In Ireland we have a saying: ‘Tus maith, leath na hoibre’ – or, ‘A good start is half the work’. So true in the case of animal art. Getting a good look at your subject and getting a good reference is often not only half the work, but also half the fun!
I was really looking forward to seeing him. I had planned to get there early and find a good place where I could spend some quiet time getting to know him. I knew it was going to be a long shot but I was hopeful. I also knew I wasn’t going to have him all to myself and I had heard that he could be a bit…well, awkward; like a lot of celebs, but I was hoping that I’d get lucky and that he would at least glance my way.
As I approached, my heart sank. There was quite a crowd there already. Undeterred, I got as close as I could. I got my camera ready…and waited…and waited.
Then quite suddenly and without any fuss; there he was and boy was it worth the wait! This was no difficult or ungracious performer. This guy was pure class; very aware of his public and ready to reward our patience. He strode purposefully back and forth; working the crowd and he was very aware of the excitement he was creating.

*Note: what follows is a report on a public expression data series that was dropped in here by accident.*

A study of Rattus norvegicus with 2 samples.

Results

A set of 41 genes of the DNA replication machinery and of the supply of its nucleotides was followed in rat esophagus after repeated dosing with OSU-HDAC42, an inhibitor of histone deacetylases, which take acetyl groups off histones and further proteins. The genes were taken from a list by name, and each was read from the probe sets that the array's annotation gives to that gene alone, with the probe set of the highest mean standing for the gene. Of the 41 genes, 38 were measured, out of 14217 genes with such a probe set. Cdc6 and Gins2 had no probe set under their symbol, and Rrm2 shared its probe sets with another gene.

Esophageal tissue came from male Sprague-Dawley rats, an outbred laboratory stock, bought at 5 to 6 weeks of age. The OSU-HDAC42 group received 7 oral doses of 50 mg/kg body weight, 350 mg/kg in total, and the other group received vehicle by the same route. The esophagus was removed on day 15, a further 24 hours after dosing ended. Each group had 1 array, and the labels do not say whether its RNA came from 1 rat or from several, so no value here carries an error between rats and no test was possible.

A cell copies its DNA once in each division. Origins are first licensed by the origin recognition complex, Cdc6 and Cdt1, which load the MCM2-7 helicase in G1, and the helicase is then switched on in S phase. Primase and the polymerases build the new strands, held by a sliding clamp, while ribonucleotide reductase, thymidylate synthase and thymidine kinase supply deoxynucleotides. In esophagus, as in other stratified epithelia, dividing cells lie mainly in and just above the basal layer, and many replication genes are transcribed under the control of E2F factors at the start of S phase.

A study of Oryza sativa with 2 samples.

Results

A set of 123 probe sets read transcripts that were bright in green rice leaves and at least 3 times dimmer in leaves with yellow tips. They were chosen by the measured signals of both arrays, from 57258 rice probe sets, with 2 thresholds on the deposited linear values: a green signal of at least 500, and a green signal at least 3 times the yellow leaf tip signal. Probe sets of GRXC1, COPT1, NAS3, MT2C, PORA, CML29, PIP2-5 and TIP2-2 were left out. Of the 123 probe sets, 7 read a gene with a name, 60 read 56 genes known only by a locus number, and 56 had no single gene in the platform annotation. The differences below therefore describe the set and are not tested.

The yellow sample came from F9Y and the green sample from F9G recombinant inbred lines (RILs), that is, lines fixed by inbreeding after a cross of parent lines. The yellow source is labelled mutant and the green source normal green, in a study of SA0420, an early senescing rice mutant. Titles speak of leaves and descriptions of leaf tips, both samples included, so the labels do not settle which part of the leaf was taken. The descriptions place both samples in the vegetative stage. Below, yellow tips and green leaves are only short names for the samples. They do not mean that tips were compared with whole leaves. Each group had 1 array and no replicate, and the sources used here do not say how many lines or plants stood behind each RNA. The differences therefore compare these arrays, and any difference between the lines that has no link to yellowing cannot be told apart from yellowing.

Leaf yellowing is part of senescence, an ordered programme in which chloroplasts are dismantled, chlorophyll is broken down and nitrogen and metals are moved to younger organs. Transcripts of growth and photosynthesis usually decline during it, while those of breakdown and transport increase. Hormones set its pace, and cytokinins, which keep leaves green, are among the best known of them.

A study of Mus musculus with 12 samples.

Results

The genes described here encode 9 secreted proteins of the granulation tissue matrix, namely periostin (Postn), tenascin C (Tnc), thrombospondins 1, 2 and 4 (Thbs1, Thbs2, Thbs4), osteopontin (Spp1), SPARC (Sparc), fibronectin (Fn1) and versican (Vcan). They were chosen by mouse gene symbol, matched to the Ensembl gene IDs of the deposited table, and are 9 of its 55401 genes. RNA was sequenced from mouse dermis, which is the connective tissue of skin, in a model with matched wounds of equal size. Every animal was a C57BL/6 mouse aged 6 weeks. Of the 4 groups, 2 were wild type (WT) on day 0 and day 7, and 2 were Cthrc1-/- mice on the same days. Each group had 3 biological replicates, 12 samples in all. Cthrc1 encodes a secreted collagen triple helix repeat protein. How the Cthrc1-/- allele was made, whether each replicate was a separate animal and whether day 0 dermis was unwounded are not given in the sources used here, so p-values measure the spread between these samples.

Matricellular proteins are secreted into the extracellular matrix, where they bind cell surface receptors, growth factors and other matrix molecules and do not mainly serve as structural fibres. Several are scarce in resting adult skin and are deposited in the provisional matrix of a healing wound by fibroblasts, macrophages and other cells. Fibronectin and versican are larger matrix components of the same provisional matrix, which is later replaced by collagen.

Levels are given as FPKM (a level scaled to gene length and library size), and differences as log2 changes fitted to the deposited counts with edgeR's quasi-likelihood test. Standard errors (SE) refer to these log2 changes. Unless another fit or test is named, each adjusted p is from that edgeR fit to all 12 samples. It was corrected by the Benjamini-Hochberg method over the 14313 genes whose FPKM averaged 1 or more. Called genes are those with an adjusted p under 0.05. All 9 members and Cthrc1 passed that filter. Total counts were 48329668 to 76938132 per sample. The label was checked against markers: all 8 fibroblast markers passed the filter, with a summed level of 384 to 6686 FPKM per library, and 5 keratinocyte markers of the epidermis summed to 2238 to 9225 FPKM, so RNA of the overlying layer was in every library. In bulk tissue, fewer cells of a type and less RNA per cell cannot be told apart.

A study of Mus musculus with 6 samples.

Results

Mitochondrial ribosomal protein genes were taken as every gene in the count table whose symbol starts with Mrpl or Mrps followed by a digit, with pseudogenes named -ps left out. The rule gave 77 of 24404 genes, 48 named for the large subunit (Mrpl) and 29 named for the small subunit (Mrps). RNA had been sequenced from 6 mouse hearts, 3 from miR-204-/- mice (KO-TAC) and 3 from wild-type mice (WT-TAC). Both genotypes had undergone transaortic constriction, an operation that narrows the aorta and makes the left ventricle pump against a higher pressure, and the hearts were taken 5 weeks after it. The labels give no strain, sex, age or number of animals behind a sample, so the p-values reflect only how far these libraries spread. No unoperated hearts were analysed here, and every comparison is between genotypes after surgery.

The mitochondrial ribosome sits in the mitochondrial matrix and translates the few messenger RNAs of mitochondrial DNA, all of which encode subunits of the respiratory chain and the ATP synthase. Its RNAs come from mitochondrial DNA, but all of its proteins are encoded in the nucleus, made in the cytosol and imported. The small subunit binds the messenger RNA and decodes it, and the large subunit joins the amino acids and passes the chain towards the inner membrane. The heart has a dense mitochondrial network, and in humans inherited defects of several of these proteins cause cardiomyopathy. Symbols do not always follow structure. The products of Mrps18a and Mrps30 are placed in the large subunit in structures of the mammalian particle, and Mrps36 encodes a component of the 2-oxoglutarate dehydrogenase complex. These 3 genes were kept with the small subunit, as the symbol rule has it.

Then it happened. He turned and sat quite close to where I was – glanced my way briefly and then turned away again. That was fine; I had my shot. I stayed as long as possible watching him and his beautiful, but much more shy, mate. Of her we just got fleeting glimpses through the grass high up on the ridge. There are rumours of a little one (or three) on the way.
Eventually, I tore myself away and headed for home to work on a painting based on my reference photo. I think I got lucky with the painting too or maybe it’s because we came face-to-face and I was able to draw on my experience of him and not just the reference photo, but I think I managed to capture a little of his personality. In any event, he has left an indelible mark on my heart!
So I left Dublin Zoo and headed home to start on the painting. My large set of Unisons are always my go-to tools. I like to work on suede mat board and Unisons are just the right mixture of hard and soft for this surface. They are soft enough to layer on lots of pigment but also maintain a firm edge for details.